An Extreme Zero-RB Proof of Concept In Action, and the Surprisingly Efficient Sleeper You Might Want to Add for a Playoff Run

Blair Andrews looks back at the season for an extreme Zero-RB FFPC Main Event team, and also details the important developments in NFC backfields ahead of Week 12. Check out Shawn Siegele’s companion piece on the AFC.

Zero running back teams don’t always make the playoffs. But when they do, it’s usually because they’ve hit on some breakout RBs in the later rounds. However, you can’t always count on that. Sometimes you miss on James Robinson by just a few FAAB dollars. Sometimes your breakout RB candidates spend nearly the entire season on IR.1 Sometimes you draft Ke’Shawn Vaughn. Nobody’s perfect.

But the fact that nobody’s perfect is precisely what gives Zero-RB teams their edge even when things don’t go their way. Consider the team Shawn and I drafted in the FFPC Main Event this year. As a refresher, here’s the draft board:

We drafted from the 12 slot. And no, your eyes are not tricking you. The distinct lack of green in the top half of our draft is not an optical illusion. We we went 10 rounds without picking a single RB. This enabled us to stockpile maximum firepower at the WR position, while also adding a top QB and two breakout TE candidates — so important in the FFPC’s TE-Premium format. Here’s how the season went.

*If you only came to read the Zero RB Watch List, feel free to skip past this part.

Week 1: Out of necessity, or maybe it was foresight, we started Nyheim Hines and his 27 points. With DeAndre Hopkins and Calvin Ridley each adding around 30, the fact that our RB2 Darrel Williams only scored five points didn’t even matter. Going into the Monday Night Football game, we were sitting No. 10 in the entire contest of 2,520 teams. We finished with 194 points and a 23-point lead over the second-ranked team in our league.

Week 2: Hines came back down to earth, and so did the rest of our team … mostly. Ridley and Stefon Diggs provided just enough for us to eke out the win. But we fell to No. 3 in points, trailing the second-ranked team by 0.65.

Week 3: The what-could-have-been week saw us staring at Rex Burkhead’s 35 points on our bench. Luckily Jeffery Wilson’s 22 gave us enough for another close win. We’re 3-0, and still No. 3 in points.

Week 4: Most good things must come to an end, but must it be so crushing? Ridley was active, and he played, but he scored no points. We barely crested 100, suffered our first loss, and fell to No. 7 in points. Ultimately getting Burkhead’s six points instead of Wilson’s three would have made no difference, even if we had managed to start Mecole Hardman over Ridley and add his 13 points.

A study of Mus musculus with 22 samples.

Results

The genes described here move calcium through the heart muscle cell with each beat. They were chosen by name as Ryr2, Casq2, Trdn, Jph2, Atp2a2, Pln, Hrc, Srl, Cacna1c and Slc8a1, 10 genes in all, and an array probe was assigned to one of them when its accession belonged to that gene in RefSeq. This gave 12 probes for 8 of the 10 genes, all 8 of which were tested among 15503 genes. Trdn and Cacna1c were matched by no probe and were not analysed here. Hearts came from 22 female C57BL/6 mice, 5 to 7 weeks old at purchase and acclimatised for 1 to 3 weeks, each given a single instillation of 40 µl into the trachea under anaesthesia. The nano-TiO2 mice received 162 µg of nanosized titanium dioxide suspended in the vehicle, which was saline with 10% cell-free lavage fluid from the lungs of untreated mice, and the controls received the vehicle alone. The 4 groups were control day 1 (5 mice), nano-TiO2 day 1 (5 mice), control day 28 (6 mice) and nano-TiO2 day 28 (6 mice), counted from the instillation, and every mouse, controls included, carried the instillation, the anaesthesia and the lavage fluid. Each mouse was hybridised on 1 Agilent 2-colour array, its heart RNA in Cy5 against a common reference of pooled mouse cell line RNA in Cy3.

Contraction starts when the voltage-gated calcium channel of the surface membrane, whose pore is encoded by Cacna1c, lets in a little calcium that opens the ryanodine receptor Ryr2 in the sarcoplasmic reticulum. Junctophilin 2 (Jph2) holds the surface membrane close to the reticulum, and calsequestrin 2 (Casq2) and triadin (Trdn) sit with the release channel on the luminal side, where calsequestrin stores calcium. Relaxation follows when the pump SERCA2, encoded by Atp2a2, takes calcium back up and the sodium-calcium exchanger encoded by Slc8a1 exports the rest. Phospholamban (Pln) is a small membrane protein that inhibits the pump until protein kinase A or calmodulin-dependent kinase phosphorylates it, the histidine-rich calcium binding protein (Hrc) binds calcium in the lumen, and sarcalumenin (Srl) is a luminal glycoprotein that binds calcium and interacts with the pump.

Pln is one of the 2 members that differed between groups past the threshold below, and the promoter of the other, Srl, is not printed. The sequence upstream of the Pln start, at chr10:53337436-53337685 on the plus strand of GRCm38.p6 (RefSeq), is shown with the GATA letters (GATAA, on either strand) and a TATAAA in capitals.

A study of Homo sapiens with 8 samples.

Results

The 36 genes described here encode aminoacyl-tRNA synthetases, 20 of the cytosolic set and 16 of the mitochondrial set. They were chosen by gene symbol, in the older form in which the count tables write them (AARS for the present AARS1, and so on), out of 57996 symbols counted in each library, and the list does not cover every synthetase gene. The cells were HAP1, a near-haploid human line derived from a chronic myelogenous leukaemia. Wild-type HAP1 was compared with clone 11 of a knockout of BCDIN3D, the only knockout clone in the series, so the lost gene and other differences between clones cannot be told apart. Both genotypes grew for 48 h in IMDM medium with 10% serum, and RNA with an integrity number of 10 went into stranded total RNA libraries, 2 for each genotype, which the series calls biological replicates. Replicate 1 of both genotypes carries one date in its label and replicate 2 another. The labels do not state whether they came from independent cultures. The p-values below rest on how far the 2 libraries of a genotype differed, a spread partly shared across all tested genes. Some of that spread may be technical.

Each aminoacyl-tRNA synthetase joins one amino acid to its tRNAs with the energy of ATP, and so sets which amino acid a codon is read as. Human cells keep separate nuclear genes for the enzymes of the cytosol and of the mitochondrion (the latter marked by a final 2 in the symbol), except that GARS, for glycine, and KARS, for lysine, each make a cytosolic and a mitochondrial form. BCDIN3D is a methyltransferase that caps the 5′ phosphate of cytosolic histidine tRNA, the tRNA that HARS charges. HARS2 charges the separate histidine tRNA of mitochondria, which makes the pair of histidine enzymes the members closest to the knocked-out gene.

Week 5: Sometimes even when your guys perform, you run into the team that starts the Ravens defense the very week they hold Cincinnati to three points while sacking Joe Burrow seven times, forcing three turnovers, and scoring a defensive touchdown. We fall to 3-2 but remain at No. 7 in scoring.

Week 6: Finally a win, of sorts. We do win our matchup on the back of Deshaun Watson’s 35-point outing. But we leave Julio Jones and Will Fuller on our bench as they combine for nearly 60 points. We’re at 4-2 now but still just No. 6 in points.

Week 7: As we move Julio into our lineup, we forget about A.J. Brown and miss out on his 27 points. We still got the win — our opponent put up only 78 — but stay at No. 6 in the points race.

Week 8: With our quarterback and star RB — I’m talking about J.D. McKissic, a.k.a., Alvin Kamara Goes to Washington — on a bye in Week 8, we pick up and start Kirk Cousins. Cousins has not been as bad as you might think. Since Week 3, he’s only had one game that really hurt your team.

Hardman has another breakout performance on our bench. Luckily his 23 points weren’t needed for us to get the W, but with only 122 points on the week, we can’t make any progress up the points leaderboard.

Week 9: With JaMycal Hasty looking like he’s going to take over for the injured Raheem Mostert, we leave Kamara, D.C. Edition, on the bench. McKissic ends up drawing 14 targets and scoring 17 points (only half living up to his namesake), while Hasty manages only three points. The loss drops us to 6-3 and we remain sixth in scoring.

Week 10: Finally able to figure out our RB spot after nine weeks, we rightly start both McKissic and Hines on weeks they go for season highs. They combine for nearly 50 points and carry us to another victory. At 7-3, we enter Week 11 with a win-and-in situation.

Week 11: Julio Jones scores six points. Hines and McKissic manage 18 between them. Hopkins turns in only 10 in what was supposed to be the shootout of the season between Arizona and Seattle. Fuller and Ridley each score 14 as neither finds the end zone. But there’s a reason we grabbed Deshaun Watson in the seventh, as his 35 points reminded us.

With the win we clinch a playoff spot despite our best RB (Hines) being only the RB28 in per-game PPR scoring. To put that in perspective, our fifth-best WR (Jones) is the WR13 in per-game scoring. We have six WRs in the top 20.2

Sometimes your Zero-RB teams hit on a Kamara, Austin Ekeler, Phillip Lindsay, or James Robinson. But even when they don’t, with enough firepower at WR and other positions, it often does not matter.

Notes for the Ultimate Zero RB Watch List: NFC Week 12

  • Mike Davis tied his lowest target total of the season with P.J. Walker under center.

There’s no question he was benefitting from Teddy Bridgewater’s reluctance to push the ball downfield. The good news for Davis is it looks like Bridgewater will get the start in Week 12.


Managing Editor, Author of The Wrong Read, Occasional Fantasy Football League Winner. All opinions are someone else's.